Australian sport finds itself in an unprecedented maelstrom after authorities this week released their report blowing the lid on the widespread drug use in their major sporting codes and the involvement of organised crime.
The shockwaves will reverberate for months as criminal investigations are launched into various sports, teams and individuals. The Commission has been criticised in some quarters - most notably by league identity Phil Gould - for the lack of detail in the report, but it is inevitable there will be a fund of names and teams that will be drip-fed to the public in the coming weeks.
Although New Zealand's professional sporting franchises and organisations have rushed to distance themselves from the Australian controversy, Wada director general David Howman said it would be naive to assume the same could not happen in New Zealand.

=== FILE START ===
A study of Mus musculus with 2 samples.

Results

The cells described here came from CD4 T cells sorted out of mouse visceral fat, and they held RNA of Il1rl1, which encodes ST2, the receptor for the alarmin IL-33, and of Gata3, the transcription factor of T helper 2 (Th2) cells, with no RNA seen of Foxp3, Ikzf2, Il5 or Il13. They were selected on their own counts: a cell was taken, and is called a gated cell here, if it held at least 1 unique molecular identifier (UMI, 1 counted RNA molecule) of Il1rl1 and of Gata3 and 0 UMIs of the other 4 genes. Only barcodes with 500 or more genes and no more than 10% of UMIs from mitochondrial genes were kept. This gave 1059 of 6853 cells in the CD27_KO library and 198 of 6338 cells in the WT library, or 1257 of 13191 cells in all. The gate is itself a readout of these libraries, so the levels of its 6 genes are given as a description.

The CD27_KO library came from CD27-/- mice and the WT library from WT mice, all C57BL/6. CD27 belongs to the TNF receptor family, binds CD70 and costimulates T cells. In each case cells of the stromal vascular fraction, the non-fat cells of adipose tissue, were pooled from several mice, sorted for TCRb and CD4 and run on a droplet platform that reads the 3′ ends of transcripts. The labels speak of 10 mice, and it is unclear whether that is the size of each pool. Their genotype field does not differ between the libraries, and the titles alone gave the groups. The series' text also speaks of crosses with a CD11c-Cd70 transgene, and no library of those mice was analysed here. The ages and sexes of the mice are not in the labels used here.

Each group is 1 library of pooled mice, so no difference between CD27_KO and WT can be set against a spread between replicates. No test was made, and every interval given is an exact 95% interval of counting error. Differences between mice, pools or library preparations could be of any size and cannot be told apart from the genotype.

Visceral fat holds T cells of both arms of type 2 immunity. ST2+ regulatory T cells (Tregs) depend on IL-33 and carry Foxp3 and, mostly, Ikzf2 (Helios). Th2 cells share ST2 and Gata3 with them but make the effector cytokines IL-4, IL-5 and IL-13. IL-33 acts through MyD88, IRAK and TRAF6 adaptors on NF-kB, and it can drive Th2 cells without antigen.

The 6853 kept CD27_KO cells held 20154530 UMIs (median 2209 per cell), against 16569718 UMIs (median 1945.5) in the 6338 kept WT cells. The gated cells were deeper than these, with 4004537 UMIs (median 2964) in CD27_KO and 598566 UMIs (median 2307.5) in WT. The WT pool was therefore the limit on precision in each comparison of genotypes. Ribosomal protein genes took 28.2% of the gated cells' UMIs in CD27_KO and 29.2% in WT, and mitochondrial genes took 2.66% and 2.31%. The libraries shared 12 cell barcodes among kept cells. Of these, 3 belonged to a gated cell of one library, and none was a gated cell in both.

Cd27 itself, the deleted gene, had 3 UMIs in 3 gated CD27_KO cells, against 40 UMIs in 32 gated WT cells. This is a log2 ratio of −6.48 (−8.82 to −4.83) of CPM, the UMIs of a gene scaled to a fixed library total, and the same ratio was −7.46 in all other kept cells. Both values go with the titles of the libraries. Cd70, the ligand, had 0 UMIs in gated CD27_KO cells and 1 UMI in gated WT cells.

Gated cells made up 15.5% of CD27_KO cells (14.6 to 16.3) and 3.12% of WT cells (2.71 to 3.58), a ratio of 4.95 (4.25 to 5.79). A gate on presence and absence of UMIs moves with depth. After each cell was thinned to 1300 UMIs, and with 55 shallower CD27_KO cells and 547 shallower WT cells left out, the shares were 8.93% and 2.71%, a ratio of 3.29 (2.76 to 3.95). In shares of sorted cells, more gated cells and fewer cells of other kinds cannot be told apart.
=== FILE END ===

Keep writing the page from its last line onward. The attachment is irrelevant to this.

''I think the attitude will change as a result of this, I don't think there'll be too much of a laissez faire sort of approach, or the attitude that we're the good guys and everyone else is bad. And I hope New Zealand has the same sort of outlook and checks that there is nothing like this going on in New Zealand.
''What you've got [in Australia] is an entrenched underworld working away into professional sports. Could that happen in New Zealand? I don't know, but I think it needs to be checked to see if it's going on or not.''
NZRU medical director Ian Murphy, believes New Zealand's biggest sports are on top of the problem, ''but we never take it for granted''.
There is little doubt that our professional sports operate on the cutting edge of sports science, but Murphy said the NZRU do not approach the line, let alone cut it in terms of legality.